Information contained in this publication is intended for informational purposes only and does not constitute legal advice or opinion, nor is it a substitute for the professional judgment of an attorney.
In response to President Biden’s January 2021 executive order, the U.S. Department of Labor's Occupational Safety and Health Administration (OSHA) released a National Emphasis Program (NEP) on March 12, 2021, targeting industries where workers are at a high risk of contracting SARS-CoV-2, the cause of COVID-19. In addition, the NEP includes an added focus to ensure that workers are protected from retaliation when complaining about unsafe or unhealthy conditions, or for exercising other rights protected by federal law.
The NEP increases OSHA’s emphasis on COVID-19-related hazards by formalizing components for planned/programmed and follow-up inspections in workplaces where employees have a high frequency of close contact. The NEP outlines various policies and procedures to identify and reduce or eliminate exposure to COVID-19 through inspection targeting, outreach, and compliance assistance. Specifically, OSHA has set a goal that each regional office devote 5% of their annual inspections to COVID-19 inspections, which amounts to approximately 1,600 COVID-19 inspections nationally.
These inspections will target establishments that have workers with increased potential exposure to COVID-19, and that put the largest number of workers at serious risk. OSHA has specifically flagged the healthcare industry (e.g., hospitals, home health care, assisted living facilities) and industries where workers are at in increased risk of close contact with one another and the general public (e.g., animal processing plants, grocers, restaurants). A full list of the targeted industries can be found in Appendix A and B of the NEP.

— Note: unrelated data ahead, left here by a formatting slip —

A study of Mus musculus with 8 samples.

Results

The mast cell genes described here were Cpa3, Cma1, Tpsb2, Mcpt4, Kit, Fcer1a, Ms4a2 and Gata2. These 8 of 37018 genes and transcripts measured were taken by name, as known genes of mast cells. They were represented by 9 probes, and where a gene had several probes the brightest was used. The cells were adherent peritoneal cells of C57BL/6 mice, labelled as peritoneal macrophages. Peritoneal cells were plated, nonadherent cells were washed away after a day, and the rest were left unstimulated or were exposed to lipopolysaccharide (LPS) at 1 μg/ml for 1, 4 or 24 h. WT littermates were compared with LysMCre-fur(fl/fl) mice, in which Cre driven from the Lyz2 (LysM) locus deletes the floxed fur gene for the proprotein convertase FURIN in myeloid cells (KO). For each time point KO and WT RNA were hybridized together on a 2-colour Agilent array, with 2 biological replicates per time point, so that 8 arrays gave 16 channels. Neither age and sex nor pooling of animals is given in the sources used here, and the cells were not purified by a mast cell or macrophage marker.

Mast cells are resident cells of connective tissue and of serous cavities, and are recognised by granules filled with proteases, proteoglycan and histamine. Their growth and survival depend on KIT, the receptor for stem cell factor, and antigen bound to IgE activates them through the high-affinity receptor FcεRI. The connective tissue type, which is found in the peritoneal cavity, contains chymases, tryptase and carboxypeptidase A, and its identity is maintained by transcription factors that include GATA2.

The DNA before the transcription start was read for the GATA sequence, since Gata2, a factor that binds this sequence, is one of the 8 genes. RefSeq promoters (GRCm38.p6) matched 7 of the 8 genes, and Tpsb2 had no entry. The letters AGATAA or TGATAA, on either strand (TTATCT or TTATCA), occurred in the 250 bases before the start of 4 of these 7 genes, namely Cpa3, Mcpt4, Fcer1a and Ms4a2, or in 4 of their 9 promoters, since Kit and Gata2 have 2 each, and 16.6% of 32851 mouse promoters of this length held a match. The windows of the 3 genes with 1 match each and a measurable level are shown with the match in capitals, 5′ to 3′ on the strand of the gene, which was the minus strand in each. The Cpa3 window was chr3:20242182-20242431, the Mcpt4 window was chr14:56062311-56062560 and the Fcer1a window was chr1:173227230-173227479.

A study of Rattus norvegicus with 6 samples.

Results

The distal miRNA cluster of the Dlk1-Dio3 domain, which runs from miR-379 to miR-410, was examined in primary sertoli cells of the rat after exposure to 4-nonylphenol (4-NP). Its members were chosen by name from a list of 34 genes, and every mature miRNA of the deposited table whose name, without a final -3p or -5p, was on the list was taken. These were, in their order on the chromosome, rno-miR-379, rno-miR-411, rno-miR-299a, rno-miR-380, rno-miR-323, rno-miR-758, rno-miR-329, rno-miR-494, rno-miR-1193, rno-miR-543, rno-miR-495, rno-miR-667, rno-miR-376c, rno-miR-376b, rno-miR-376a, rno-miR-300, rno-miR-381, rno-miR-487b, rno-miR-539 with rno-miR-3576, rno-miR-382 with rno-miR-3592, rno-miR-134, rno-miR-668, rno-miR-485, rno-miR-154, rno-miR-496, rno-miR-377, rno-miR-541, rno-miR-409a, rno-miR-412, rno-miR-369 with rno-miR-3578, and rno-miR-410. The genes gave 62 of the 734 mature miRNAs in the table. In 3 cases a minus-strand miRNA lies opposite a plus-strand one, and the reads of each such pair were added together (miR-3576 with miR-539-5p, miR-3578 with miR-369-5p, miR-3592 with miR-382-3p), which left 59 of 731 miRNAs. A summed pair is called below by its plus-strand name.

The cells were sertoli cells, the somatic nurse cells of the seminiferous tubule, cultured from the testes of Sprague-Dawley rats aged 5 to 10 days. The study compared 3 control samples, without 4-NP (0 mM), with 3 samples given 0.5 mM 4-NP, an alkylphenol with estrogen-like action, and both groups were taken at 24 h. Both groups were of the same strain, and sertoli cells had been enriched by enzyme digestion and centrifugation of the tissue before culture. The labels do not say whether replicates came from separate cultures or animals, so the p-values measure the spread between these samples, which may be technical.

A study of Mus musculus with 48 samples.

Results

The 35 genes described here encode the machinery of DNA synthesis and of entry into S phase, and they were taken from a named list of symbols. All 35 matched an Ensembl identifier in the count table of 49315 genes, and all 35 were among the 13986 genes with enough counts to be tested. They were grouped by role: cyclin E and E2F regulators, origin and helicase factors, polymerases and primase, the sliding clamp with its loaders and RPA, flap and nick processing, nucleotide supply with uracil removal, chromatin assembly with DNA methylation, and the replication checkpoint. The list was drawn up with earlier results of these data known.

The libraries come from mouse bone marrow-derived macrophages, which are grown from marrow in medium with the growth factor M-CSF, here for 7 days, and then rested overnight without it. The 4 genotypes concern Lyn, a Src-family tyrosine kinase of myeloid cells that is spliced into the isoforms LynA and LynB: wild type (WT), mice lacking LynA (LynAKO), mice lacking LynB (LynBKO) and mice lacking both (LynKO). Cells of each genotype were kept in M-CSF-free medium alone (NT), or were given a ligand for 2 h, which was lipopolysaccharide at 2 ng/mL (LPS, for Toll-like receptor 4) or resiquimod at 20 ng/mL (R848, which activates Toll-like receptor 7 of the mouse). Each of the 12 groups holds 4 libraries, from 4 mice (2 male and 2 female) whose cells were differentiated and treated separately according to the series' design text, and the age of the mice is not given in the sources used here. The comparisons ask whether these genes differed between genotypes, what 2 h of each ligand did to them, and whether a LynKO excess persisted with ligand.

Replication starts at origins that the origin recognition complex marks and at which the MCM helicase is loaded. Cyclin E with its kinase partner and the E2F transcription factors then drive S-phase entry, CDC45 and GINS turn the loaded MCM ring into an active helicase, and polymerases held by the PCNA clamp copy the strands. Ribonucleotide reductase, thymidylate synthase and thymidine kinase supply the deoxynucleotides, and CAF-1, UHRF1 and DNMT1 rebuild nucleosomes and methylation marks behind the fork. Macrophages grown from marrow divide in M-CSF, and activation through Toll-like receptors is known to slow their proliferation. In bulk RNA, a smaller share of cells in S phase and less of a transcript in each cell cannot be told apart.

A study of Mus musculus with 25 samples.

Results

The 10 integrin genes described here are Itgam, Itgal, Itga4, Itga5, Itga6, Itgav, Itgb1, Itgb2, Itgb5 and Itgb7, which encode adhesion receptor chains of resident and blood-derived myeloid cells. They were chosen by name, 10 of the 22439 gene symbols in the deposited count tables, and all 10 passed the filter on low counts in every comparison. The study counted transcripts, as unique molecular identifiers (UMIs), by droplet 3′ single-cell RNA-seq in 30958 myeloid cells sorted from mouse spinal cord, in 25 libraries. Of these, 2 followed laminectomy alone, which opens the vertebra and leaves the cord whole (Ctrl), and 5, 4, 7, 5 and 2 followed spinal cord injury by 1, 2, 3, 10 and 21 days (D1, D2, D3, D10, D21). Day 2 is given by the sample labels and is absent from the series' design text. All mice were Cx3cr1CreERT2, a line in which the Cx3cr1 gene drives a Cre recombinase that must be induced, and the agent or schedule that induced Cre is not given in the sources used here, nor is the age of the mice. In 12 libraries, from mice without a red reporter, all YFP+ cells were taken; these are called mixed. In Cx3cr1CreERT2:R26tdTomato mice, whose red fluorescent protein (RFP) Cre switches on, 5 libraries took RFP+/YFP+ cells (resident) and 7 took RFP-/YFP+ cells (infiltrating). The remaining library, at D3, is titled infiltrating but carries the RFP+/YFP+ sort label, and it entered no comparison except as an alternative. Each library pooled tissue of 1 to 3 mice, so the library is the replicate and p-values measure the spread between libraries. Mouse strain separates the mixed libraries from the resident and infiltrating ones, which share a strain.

Inspections related to COVID-19 fatalities will be given the highest priority, followed by inspections alleging employee exposure to COVID-19 hazards. OSHA will also conduct follow-up inspections at establishments previously cited for COVID-19-related violations. In contrast to the process during the prior administration, OSHA clarified that these inspections should be conducted on site (in person) as opposed to remotely.
Of note, inspections typically are not initiated under an NEP until a 90-day outreach period has been completed. Because OSHA has been educating employers on methods to keep their workers safe from COVID-19 throughout the pandemic, however, the 90-day outreach period has been met in OSHA’s view. As a result, enforcement of the NEP may begin as early as two weeks from its effective date.
OSHA recognizes that many OSHA-State plans have already implemented a number of COVID-19 protections. While OSHA strongly encourages all OSHA-State Plans to adopt this NEP, adoption is not mandatory. Instead, a State Plan must notify OSHA within 60 days whether it already has a substantially similar policy in place, intends to adopt new policies and procedures, or does not intend to adopt the NEP.
The NEP expires one year from its effective date, although OSHA retains the ability to cancel the NEP at an earlier date or extend the NEP beyond its 12-month expiration date.
Employers, especially those in the high-risk industries OSHA has identified or that have been previously been cited for COVID-19-related violations, should prepare themselves for potential increased OSHA enforcement efforts. To that end, employers should make sure they have developed, implemented, and are maintaining a plan to reduce the risk of exposure to COVID-19 in the workplace.